Last month, a group of four Hiroshima survivors visited Israel through the initiative of Sharon Dolev and the Israeli Disarmament Movement. Dolev is engaged in one of the most difficult form of activism: the call for a discussion over the Israeli nuclear program, which is considered taboo by media and public alike. “Bringing Hiroshima survivors to Israel,” Dolev said at an event in the Heinrich Boell Stiftung, “was the fulfillment of a life-long dream.”

The Social TV accompanied the survivors in their visit, which included an emotional visit to the Holocaust museum Yad Vashem in Jerusalem, where they met Jewish survivors. Watch the report, with English subtitles, here:

Research: Noam Foreman; Cameramen: Adam Kaminsky, Noam Foreman; Subtitles: Bob Goldman. The Social TV is an independent media NGO working to promote social change, human rights, social justice and equality, and to mobilize its viewers towards activism.


      A couple of points:
      (1) While the stories of the Hiroshima survivors are very moving, there is, of course, no comparison between the Holocaust and America’s use of nuclear weapons against Japan in World War II.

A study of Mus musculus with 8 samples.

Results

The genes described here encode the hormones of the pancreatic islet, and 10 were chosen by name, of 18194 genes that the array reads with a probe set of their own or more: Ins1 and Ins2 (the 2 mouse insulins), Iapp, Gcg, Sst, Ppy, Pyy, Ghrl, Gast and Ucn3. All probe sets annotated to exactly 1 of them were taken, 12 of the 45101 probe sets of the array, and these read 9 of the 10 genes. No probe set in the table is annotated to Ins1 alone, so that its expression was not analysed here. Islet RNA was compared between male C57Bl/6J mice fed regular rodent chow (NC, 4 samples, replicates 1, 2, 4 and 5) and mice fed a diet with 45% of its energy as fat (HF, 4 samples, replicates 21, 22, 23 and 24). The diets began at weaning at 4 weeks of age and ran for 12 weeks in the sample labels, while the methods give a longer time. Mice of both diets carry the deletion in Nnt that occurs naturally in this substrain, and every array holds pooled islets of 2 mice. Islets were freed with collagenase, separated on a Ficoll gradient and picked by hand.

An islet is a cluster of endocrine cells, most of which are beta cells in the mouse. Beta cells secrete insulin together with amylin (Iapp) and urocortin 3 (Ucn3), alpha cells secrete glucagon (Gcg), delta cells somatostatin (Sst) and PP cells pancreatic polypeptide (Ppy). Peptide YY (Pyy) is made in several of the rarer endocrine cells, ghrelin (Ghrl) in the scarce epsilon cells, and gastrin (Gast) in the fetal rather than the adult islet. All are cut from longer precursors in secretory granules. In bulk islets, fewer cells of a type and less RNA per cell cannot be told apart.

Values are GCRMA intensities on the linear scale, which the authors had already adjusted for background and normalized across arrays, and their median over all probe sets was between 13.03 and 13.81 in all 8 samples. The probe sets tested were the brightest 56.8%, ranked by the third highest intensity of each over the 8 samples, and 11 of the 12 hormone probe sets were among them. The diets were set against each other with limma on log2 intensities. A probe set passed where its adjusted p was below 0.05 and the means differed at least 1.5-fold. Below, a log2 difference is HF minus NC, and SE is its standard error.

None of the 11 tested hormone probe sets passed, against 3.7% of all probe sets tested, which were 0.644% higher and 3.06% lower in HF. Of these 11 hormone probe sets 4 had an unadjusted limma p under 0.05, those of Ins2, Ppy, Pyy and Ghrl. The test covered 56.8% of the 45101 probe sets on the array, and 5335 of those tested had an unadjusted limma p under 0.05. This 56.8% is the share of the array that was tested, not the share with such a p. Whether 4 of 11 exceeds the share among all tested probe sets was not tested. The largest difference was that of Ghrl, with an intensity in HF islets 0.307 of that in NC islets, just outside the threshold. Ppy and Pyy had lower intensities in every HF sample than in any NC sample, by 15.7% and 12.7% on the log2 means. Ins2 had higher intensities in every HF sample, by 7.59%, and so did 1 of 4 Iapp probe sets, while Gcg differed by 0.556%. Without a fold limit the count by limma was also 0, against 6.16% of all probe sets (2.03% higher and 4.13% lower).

(2) While the sentiments written on the banner we see at the end calling for a peaceful world without nuclear weapons, I am not sure banning nuclear weapons would indeed lead to a more peaceful world. People were quite efficient at killing each other before nuclear weapons were developed and in fact, the vast majority of the 55 million people killed in World War II were killed with conventional weapons. Banning nuclear weapons would likely make the world MORE war-like because people are horrified at the thought of nuclear weapons being used, the thought of wars using conventional weapons are more “thinkable” and thus I think that would lead to a more unstable world, not a more stable, peaceful one.